One of the most valuable cards you can own, especially in today's economy, is a public library card. This applies to both young and old. Parents can help their child succeed in school this year by making sure they have a library card. Students with a library card have free access to thousands of resources at their fingertips.
September is National Library Card Month. Parents can celebrate by bringing their children into one of the Public Libraries of Warren County to get a card. Those under the age of 18 do need to have a parent or guardian's signature on the application card. While obtaining a card at the Warren Public Library (WPL) parents may also want to sign the Internet Permission Form. All libraries have different Internet policies. At the WPL those under the age of 18 must have a parent or guardian sign the permission form before utilizing the public computers. Once the form is signed, the information goes on the child's card. Anytime a child wants to utilize an Internet computer they must have their card scanned at the main desk. Once staff sees that the child has permission to use the Internet, a computer will be assigned. Students 14 and under use the computers in the Children's Department; students 15 and older utilize the computers in the Adult area. In the Children's Department the Internet computers may be used for research or for gaming. Many students come into the library after school to use the computers.
Children of any age are able to obtain a library card as long as a parent or guardian signs for them. This library card will open so many doors as they explore and experience books, audio books, movies and library programs through the years. Many youngsters have learned to use their public library for both school assignments as well as for entertainment purposes. Despite all of the electronic gadgets out there, there are still many who like to get lost in a book.
Throughout the school year many students seek and read titles from their respective schools' Accelerated Reader (AR) lists. Some of these AR books can be found at the public library. Each school year the WPL Children's Department obtains current AR lists from area schools. These lists are kept in marked binders behind the Children's staff desk. The public is welcome to look through these at any time.
Teachers can celebrate National Library Card Month by calling and arranging for a tour of their closest public library. They might also arrange for the public librarian to come to the school to promote library services and/or read a story to the class. Students should know that they have access to both school and public libraries. Both types of libraries exist to serve children and those who work with children.
In the early stages of the 2009-2010 school year parents, teachers and students can review and strengthen skills by checking out the many resources at the library. The WPL Children's Department currently has some school-related books on display throughout the department. Fun stories about friendship, missing mother and what to expect at school abound. Examples include: Countdown to Kindergarten by Alison McGhee; Wemberly Worried by Kevin Henkes; The Night Before First Grade by Natasha Sing; I am Absolutely too Small for School by Lauren Childs; The Sunday Blues: a Book for Schoolchildren, Schoolteachers, and Anybody Else who Dreads Monday Mornings by Neal Layton.
Young students who need to review their letters and numbers can do so with the numerous alphabet and counting books located in the picture book area. Jane Belk Moncure's Sound Box books have an entire book dedicated to each letter of the alphabet. These Sound Box books are popular with those who work with young children. Jim Aylesworth's One Crow: a Counting Rhyme uses the concepts of rhyming and seasons to teach numbers one through ten.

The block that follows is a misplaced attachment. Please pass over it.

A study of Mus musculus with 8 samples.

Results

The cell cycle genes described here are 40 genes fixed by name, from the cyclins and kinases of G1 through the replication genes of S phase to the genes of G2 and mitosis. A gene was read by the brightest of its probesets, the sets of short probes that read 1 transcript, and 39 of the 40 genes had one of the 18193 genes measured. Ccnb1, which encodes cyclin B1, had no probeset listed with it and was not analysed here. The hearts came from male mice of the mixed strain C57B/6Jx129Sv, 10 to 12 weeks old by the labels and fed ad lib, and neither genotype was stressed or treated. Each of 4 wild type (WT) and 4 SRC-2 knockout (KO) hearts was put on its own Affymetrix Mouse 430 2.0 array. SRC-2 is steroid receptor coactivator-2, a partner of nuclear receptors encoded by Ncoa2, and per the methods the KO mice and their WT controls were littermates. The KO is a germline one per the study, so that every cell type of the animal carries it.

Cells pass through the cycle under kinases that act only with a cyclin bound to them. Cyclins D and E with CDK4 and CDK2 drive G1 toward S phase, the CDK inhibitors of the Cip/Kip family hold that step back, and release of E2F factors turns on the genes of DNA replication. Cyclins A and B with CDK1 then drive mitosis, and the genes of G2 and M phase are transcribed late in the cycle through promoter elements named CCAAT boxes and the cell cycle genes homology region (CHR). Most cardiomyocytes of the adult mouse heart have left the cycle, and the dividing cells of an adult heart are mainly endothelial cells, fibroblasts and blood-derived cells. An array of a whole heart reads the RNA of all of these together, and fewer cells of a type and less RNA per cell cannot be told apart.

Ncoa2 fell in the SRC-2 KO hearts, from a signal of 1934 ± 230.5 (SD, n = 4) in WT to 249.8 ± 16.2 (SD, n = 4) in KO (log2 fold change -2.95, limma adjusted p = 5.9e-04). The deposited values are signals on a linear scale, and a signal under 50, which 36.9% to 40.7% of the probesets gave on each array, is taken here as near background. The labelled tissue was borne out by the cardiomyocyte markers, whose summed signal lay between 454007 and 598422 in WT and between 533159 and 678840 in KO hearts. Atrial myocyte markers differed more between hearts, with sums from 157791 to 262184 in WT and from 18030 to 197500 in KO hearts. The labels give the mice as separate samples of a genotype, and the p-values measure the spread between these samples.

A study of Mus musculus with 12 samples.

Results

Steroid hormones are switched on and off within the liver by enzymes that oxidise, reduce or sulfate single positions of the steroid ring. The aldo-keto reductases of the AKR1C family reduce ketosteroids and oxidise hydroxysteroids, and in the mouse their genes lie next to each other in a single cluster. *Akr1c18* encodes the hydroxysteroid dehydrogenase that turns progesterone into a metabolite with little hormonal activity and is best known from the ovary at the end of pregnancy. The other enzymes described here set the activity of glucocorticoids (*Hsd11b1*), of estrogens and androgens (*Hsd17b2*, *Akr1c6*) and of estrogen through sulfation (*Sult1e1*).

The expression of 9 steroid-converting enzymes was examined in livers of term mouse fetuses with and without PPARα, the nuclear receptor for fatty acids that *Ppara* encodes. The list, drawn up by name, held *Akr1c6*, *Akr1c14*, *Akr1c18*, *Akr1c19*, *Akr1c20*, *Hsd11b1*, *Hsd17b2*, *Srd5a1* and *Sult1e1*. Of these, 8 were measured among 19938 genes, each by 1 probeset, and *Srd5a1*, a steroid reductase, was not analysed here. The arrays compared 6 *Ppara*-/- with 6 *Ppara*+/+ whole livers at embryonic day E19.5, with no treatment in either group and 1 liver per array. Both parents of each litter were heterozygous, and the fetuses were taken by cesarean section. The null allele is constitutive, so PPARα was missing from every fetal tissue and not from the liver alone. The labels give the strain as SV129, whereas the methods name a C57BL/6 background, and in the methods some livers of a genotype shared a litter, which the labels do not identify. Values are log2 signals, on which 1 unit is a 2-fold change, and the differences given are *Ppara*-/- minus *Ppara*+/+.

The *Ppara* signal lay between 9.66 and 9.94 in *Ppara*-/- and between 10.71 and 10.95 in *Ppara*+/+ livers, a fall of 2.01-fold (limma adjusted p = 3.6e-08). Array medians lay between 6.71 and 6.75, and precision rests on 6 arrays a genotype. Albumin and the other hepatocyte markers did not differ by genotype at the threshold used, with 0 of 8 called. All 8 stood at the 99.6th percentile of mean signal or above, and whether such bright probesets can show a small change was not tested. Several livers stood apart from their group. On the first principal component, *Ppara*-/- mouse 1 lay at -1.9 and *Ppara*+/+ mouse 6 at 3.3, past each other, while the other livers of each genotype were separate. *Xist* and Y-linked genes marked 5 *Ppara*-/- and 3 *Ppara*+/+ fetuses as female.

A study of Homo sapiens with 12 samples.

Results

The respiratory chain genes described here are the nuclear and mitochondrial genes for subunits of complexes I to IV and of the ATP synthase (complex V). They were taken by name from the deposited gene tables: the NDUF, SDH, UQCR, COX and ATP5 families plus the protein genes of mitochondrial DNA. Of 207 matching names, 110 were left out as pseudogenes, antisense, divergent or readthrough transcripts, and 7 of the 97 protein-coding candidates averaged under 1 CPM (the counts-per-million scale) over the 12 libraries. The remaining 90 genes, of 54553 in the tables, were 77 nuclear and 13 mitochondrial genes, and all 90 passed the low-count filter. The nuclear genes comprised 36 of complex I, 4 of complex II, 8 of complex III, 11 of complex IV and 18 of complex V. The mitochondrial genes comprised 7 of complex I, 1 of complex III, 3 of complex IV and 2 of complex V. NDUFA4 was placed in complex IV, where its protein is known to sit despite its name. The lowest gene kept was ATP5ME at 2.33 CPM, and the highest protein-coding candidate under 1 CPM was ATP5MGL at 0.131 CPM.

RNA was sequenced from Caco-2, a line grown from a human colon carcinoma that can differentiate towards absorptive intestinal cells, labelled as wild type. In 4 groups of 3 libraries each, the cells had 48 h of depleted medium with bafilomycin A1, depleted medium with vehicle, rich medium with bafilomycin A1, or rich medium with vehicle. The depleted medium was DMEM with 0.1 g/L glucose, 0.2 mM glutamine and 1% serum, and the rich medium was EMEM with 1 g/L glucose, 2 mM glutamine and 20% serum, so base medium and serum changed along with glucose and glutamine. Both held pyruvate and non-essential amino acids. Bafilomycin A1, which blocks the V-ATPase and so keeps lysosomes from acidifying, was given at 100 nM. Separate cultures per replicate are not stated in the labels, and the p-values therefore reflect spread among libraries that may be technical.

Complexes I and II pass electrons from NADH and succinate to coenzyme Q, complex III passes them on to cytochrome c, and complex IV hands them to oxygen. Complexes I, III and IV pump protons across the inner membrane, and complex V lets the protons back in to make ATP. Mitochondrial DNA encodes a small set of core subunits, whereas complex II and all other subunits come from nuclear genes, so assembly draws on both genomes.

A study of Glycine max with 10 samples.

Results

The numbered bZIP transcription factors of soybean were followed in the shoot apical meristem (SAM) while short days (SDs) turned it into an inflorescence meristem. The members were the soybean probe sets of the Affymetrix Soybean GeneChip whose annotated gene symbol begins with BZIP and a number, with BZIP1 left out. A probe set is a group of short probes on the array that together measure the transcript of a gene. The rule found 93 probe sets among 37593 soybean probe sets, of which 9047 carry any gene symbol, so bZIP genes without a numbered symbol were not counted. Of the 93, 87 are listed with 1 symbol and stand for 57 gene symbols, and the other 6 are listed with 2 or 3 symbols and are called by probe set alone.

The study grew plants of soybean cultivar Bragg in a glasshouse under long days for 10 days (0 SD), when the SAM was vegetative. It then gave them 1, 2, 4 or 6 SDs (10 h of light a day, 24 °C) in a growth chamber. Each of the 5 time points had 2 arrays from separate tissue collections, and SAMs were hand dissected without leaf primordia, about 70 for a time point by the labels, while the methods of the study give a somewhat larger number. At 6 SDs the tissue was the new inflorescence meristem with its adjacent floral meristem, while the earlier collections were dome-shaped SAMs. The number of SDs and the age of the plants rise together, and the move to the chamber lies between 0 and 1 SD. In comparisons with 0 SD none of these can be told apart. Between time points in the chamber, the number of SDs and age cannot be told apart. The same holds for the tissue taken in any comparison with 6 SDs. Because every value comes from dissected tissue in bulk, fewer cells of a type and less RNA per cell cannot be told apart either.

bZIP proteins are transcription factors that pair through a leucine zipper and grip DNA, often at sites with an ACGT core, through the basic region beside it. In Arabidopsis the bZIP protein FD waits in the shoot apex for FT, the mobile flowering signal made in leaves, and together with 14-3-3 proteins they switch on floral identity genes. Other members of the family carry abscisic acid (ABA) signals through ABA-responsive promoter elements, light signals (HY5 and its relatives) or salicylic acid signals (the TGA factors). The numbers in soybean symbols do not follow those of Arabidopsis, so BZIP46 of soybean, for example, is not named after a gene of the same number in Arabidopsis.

Examples of the newer chapter books for second through fifth graders that deal with school situations are: Anything But Typical by Nora Baskin; Love, Aubrey by Suzanne LaFleur; The Red Blazer Girls by Michael Beil; NoTalking by Andrew Clements; The Talented Clementine by Sara Pennypacker; Lenny's Space by Kate Banks; The Dodgeball Chronicles by Frank Cammuso. Some of these books are humorous while others deal with realistic situations such as autism and attention deficit disorder.
Don't forget to take advantage of the movies in the WPL Children's Department. There are wide ranges of movies that deal with school. Some fun stories on DVD are: Crazy Hair Day; Emily's First 100 Days of School; Arthur's Best School Days; First Day Jitters, Last Day Blues; Eloise Goes to School; Chrysanthemum. These movies are considered fiction and are shelved by the title of the movie. Nonfiction movies are shelved according to the Dewey Decimal system. These school-related movies are followed by their respective Dewey numbers: The Story of Ruby Bridges 370.19 Coles; The Cave Painter of Lascaux 930.1 Cave; Happy, Healthy, Ready for School 649.68 Sesame; You're Rude, Dude 395.1 You're.
The Magic School Bus series is very popular with the children. They enjoy the zany Ms. Frizzle who engages both her children and yours each time she departs on specific field trips on her Magic School Bus. The Magic School Bus videos and DVD's cover a variety of science topics such as insects, rain forests, plants, chemistry, energy space and dinosaurs.
For those who already own a library card, use it as often as possible. Take advantage of all the free resources. Parents and teachers should teach the value of libraries to their children and encourage them to become active members of this valuable community center. Those coming into the library for the first time to get a card need to be sure to have a photo ID that shows you are a Warren County resident. Children obviously do not need an ID, but the adults signing for them should have one.